Clarity needed to reassure the livestock auction sector
The Institute of Auctioneers and Appraisers in Scotland (IAAS) has launched its report on the consequences for the sector of leaving the EU without a withdrawal agreement. Despite the latest date for leaving being only just over one month away, concerns remain that leaving without a deal remains a possible outcome, with devastating consequences for the entire agricultural sector in Scotland, and with acute impact on livestock markets.
IAAS represents every livestock market in Scotland, and has issued its report “No Deal Brexit – averting disaster”, which includes recommendations for an emergency scheme to mitigate damage. The full report can be accessed here.
The livestock marts identify two major challenges for their businesses presented by a no-deal Brexit:
- The decline in sales values to be anticipated unless preventative action is taken would see unsustainable declines in prices achieved at auction, and therefore a direct proportionate reduction in the income for markets.
- Presuming that the primary production of sheep and lamb was reduced, there would inevitably be a direct reduction in throughput, and a fall in income for the marts.
The scheme recommended by the Institute has two primary red-lines – that the scheme is a UK wide arrangement, and that it focuses squarely on providing support to those who suffer actual loss. IAAS says that all too often, in the past, such measures have provided support which has been poorly targeted at those who needed the help most.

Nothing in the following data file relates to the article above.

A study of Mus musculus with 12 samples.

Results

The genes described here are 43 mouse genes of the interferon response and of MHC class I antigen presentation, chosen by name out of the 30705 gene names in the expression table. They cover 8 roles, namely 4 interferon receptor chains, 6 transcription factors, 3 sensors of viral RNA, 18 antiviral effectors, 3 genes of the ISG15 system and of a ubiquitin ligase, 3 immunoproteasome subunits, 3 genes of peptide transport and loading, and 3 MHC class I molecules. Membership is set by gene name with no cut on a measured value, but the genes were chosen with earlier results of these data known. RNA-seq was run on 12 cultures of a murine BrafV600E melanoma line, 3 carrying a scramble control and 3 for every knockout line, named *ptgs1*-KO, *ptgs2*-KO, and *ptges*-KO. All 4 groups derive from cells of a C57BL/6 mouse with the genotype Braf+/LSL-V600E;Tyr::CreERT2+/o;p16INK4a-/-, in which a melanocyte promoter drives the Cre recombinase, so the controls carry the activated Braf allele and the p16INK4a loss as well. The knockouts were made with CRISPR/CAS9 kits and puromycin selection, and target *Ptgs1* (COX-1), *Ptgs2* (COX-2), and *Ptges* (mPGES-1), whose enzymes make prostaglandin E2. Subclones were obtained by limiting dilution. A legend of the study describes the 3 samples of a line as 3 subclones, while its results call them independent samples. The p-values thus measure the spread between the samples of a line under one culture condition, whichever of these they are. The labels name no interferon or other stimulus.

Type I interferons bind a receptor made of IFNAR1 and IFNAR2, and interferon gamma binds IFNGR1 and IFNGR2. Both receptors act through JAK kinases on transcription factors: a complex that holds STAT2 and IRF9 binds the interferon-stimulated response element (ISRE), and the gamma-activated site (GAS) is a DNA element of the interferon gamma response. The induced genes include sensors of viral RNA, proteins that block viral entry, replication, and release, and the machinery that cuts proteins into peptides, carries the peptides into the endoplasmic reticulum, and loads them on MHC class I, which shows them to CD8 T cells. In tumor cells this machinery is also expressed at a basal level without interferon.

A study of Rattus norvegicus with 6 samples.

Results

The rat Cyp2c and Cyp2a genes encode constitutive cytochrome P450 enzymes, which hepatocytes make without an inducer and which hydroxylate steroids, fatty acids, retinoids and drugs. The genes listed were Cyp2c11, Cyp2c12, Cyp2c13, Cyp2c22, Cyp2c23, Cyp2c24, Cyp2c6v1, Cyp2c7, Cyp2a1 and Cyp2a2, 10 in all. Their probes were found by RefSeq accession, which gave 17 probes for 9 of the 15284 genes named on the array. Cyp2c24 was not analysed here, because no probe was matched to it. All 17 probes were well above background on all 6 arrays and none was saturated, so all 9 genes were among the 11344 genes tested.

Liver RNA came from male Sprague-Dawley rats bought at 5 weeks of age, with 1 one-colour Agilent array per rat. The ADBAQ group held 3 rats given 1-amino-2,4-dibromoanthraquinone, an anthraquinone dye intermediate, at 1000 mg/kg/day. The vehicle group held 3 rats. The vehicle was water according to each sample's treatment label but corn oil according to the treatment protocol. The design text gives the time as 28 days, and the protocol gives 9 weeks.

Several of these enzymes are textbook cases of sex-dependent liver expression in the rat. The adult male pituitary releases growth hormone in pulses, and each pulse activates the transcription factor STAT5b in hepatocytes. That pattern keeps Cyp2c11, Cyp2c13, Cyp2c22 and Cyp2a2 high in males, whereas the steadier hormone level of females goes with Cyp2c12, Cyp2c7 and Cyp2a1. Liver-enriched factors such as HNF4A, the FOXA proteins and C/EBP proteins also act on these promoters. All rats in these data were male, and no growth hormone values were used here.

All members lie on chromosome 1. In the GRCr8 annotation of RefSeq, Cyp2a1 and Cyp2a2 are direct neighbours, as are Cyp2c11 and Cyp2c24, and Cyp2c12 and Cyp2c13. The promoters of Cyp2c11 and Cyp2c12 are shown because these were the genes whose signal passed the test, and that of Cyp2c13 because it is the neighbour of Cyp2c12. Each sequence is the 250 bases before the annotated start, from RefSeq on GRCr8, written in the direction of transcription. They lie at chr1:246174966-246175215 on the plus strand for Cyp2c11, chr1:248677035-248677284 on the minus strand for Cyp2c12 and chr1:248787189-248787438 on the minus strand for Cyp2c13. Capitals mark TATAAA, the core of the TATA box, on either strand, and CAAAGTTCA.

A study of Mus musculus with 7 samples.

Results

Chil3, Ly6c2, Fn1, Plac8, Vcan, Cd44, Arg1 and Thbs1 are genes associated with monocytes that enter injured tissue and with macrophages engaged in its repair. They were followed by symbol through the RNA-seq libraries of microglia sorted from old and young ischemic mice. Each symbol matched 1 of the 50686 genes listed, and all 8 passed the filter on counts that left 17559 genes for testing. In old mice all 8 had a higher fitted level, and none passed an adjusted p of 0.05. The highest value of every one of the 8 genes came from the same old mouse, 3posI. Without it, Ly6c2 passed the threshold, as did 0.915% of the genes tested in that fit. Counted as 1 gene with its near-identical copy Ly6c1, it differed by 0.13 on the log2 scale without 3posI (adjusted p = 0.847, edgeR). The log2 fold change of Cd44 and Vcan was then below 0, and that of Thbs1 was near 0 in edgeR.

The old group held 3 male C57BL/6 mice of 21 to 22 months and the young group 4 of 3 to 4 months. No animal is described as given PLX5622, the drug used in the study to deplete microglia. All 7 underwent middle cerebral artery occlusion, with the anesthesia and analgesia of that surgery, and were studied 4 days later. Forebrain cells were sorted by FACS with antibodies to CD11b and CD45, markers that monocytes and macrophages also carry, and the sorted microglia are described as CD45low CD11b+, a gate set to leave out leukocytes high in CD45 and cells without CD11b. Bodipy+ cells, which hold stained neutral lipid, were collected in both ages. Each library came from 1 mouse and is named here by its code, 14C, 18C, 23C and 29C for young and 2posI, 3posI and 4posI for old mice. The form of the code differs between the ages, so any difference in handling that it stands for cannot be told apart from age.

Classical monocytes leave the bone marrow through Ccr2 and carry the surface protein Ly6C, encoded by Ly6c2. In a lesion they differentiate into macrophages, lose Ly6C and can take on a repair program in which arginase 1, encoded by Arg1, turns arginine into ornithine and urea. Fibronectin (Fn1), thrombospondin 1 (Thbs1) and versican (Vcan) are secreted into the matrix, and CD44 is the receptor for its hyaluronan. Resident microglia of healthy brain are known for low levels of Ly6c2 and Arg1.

The proposed support scheme set out in the report is:
- The system should be a top-up system, working to supplement the price achieved for selling a lamb in order that the price achieved would match the price that would otherwise have been achieved had no-deal brexit not happened.
- The top-up system would be based on lambs on a fit for slaughter basis. They would be graded to provide a range of size and weight specifications that would mean that the stock would be satisfactorily entered into the top up scheme.
- The top up scheme payment would be based on the difference between the price achieved at sale and a weekly calculation of the average live weight per kilo price over the last three years.
- The top up payment would be paid to the seller, with a consequent commission payment being due to intermediaries on the sale.
- The payment would have to be subject to a full tag read on every lamb to be eligible for the top-up scheme, in order to prevent the same animal being entered into the scheme more than once.
On launching the report, Scott Donaldson, IAAS President said:
“The dark clouds that hang above the Scottish agricultural sector caused by Brexit uncertainty have the potential to deliver devastating impact on the entire industry. With only one month or so before the latest article 50 deadline for our EU departure, far too much uncertainty remains.
“The political process has been tortuous, and whilst Parliament still seems so far away from being prepared to support a deal with the EU, our members are massively concerned that a departure on no-deal terms might be the unintended and unwelcome consequence of political stalemate.
“Our report makes clear the economic impact of such an event on our clients, and as a result on our businesses themselves. Urgent action is now required to give some certainty that, whatever the outcome, the right support mechanism will be in place to support the entire sector as we face damaging world trade organisation tariffs for our produce.”
IAAS has shared the report with UK and Scottish Government ministers, and is seeking an urgent clarification on steps that would be taken by Government to provide reassurance to the market as the deadline of 31st October draws near.